Barriers to Fellowship

Although the HEA does not define who ‘ought’ to be a fellow, many have found that colleagues outside of a narrow norm can face barriers to accreditation. Some face barriers through their own self-belief: ‘I am just a technician/learning advisor/library staff… so I wouldn’t be able to get it’.  And others may face barriers due to subconscious or unintended assumptions made by those who create schemes or resources that help people compile their submissions. This could result in specific language patterns used or narrow examples given, potentially making people outside of this feel it’s not for them.

I had not realised until I decided to apply for Principal Fellowship (PF) that I had to face these same barriers. My journey started on a train travelling back to Lancaster from a HEA event in Cardiff. Luckily I was able to sit with the lovely Ruth Pilkington who asked me why I was not yet a PF and my instant reply was ‘Oh I couldn’t get that, I am just an SL’. She quite rightly gave me a stern talking to and I agreed to have a look at the process.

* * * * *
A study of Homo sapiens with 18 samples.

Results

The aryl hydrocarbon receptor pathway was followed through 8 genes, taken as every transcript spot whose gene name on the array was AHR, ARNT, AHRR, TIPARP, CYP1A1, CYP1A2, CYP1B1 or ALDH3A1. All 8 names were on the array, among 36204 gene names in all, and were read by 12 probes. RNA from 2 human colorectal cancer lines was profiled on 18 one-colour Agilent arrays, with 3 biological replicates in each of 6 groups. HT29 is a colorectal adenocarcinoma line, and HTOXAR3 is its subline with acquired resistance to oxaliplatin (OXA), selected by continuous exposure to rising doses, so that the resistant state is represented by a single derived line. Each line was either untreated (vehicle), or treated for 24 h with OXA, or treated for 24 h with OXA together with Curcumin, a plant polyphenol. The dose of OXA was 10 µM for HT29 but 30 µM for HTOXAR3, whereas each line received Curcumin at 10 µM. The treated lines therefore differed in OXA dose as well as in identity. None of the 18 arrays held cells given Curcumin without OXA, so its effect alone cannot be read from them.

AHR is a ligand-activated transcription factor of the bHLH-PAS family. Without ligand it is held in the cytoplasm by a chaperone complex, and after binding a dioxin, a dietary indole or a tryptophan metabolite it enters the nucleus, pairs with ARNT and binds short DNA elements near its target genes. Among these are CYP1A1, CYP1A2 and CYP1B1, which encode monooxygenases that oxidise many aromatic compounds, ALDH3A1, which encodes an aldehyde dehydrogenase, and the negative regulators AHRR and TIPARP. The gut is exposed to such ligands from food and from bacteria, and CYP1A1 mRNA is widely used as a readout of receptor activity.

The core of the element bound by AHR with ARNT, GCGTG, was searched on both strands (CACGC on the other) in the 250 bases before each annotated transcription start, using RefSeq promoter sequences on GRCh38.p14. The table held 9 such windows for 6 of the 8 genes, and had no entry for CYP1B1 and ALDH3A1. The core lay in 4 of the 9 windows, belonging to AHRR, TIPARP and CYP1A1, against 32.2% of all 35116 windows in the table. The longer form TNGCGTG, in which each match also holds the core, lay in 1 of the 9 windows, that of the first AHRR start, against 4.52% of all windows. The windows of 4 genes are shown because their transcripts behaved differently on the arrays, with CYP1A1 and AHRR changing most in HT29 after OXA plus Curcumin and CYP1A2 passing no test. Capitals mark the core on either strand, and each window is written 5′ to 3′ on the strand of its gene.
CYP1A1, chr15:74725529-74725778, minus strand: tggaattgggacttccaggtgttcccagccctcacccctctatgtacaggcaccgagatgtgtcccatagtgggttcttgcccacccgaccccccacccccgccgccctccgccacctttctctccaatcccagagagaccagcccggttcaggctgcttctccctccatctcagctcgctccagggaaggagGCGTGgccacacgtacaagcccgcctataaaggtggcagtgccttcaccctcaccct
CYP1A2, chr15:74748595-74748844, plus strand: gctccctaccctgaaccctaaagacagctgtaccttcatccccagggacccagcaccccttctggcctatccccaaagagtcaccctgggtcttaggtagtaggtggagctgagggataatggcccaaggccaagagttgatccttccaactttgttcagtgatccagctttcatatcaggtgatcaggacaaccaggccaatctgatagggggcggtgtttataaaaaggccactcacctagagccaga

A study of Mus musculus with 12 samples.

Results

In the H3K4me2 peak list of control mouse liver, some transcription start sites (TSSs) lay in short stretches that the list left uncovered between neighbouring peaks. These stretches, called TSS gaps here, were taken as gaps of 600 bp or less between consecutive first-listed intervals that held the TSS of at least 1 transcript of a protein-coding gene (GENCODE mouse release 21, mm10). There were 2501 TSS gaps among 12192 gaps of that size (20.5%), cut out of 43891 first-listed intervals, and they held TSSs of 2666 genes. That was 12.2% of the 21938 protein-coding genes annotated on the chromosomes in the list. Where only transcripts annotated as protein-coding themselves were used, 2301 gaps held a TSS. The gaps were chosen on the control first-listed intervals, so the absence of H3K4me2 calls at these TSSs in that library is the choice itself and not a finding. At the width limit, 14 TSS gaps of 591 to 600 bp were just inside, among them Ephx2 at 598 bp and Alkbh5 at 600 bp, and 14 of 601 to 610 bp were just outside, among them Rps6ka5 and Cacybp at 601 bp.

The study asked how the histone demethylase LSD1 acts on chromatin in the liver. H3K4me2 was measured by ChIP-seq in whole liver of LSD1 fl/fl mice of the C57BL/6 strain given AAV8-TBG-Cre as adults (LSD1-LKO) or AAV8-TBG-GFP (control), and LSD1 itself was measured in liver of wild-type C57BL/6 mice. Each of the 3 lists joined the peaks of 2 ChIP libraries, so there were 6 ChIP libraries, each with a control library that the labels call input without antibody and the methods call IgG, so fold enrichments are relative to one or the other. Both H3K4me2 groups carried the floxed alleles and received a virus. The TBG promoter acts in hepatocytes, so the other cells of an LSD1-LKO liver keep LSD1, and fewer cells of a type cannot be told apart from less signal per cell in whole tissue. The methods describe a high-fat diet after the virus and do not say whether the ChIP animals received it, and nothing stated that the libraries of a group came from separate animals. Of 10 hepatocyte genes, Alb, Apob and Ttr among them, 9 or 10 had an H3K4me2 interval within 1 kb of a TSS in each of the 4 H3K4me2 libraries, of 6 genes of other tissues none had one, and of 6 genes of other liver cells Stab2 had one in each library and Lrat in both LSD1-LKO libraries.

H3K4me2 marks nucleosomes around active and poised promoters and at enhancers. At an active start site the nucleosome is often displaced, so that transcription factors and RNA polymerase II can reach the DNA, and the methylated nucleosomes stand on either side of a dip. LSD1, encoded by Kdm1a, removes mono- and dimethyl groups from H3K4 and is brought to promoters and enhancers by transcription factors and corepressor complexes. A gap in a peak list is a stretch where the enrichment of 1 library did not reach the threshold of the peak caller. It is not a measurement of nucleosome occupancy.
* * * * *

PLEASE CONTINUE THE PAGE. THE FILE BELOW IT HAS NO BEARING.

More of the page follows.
It was months later before I actually started to compile my application. Intellectually I believed that I could evidence how I fulfilled all the criteria however I was still facing the same hesitation of actually committing to this or even telling anyone else that I was thinking about applying. ‘Just an SL’ was definitely a factor plus when I looked through our internal literature and guidance for PF applicants it was all geared to senior staff members and thus the assumption was that only these people could be strategic influencers in learning and teaching.

Key support via Karen Hustler and the HEA recognition team plus a D4 consultancy day finally gave me the self-belief that I needed to actually apply. Fast-forward to September 2017 when I was successful at my first attempt. Like all applicants, the process of reflection, gathering evidence and engaging with advocates has been a truly rich, enabling and rewarding experience that I recommend to anyone. I have looked back at my practice, my actual work activities and the wide ranging impact that these have had on my institution and I feel proud of being an SL and move forward with increased confidence and ability.

So, if you are thinking about Fellowship but then hear the little voice inside telling you that you cannot because ‘you are just….’ Please ignore it. Have a look at the criteria for the level of fellowship that you want and decide honestly if you can demonstrate this or not. If you can, then do it - no matter what role you have or what others may say.